In Joe Marchese’s most recent column, he wrote about an Economist piece that claims that, in regards to advertising, television still rocks.
The major argument that the Economist puts forward is that the Internet is not good at creating awareness, at scale, for brands.
The Internet, as we’ve been saying for some time now, doesn’t scale in regards to advertising. That’s why the Internet is not where brands should be in order to create awareness. The reason that brands should be on the Internet is to create advocates.
Online fits into individual purchase decisions when that individual is further down the purchase funnel. What they find online is often the tipping point between brand A and brand B.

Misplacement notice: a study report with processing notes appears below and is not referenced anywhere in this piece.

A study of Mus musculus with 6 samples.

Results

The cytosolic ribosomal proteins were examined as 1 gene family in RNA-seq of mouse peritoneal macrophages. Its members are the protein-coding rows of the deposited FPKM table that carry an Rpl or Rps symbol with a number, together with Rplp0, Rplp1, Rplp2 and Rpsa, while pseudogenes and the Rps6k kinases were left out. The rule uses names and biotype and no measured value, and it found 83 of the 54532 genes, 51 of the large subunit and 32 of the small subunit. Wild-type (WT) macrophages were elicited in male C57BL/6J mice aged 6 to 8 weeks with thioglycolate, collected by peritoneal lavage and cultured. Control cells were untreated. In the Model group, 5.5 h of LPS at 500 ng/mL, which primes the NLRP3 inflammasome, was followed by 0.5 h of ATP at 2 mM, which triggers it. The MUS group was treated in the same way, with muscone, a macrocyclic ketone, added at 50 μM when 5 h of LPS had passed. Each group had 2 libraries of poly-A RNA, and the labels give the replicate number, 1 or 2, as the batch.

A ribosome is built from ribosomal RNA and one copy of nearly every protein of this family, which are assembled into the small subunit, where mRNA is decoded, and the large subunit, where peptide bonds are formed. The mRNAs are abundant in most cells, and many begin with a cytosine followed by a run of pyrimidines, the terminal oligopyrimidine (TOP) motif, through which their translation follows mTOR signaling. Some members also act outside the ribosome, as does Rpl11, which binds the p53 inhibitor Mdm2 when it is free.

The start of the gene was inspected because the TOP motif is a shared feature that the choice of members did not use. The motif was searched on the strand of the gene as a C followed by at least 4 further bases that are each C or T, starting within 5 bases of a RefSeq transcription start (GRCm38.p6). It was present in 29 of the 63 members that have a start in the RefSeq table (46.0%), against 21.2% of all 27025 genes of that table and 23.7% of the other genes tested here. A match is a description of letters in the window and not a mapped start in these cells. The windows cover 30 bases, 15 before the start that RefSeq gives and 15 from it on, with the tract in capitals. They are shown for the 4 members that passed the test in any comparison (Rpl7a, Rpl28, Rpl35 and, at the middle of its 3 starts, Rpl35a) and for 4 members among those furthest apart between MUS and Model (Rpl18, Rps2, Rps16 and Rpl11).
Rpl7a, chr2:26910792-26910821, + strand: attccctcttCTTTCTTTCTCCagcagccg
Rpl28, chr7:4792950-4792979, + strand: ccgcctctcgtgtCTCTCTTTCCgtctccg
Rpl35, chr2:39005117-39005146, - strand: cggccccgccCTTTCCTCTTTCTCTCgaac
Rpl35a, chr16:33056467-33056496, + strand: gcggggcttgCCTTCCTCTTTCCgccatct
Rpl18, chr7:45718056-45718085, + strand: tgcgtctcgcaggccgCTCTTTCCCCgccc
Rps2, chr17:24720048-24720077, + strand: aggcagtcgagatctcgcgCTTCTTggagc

As well, once a consumer does purchase, online is great for maintaining loyalty.
In other words, the Internet is fantastic for talking with smaller groups of people in greater depth.
Rather than scale, an advertiser’s objective with online advertising should be to get the consumer to spend more time with their brand, leaving less time (and hopefully, interest) for the consumer to spend with the competitor’s brand.
The Internet is not about how many are exposed to the brand and its messaging. Rather, the Internet is about how long they are engaged with the brand and its messaging.
Which is why instead of short messages to large audiences, online advertising should be focusing on longer messages to smaller audiences.
Simply put, online is about how long. Not how many. Television does the latter really, really well.
But, if you're looking for the former, the best place to be is online.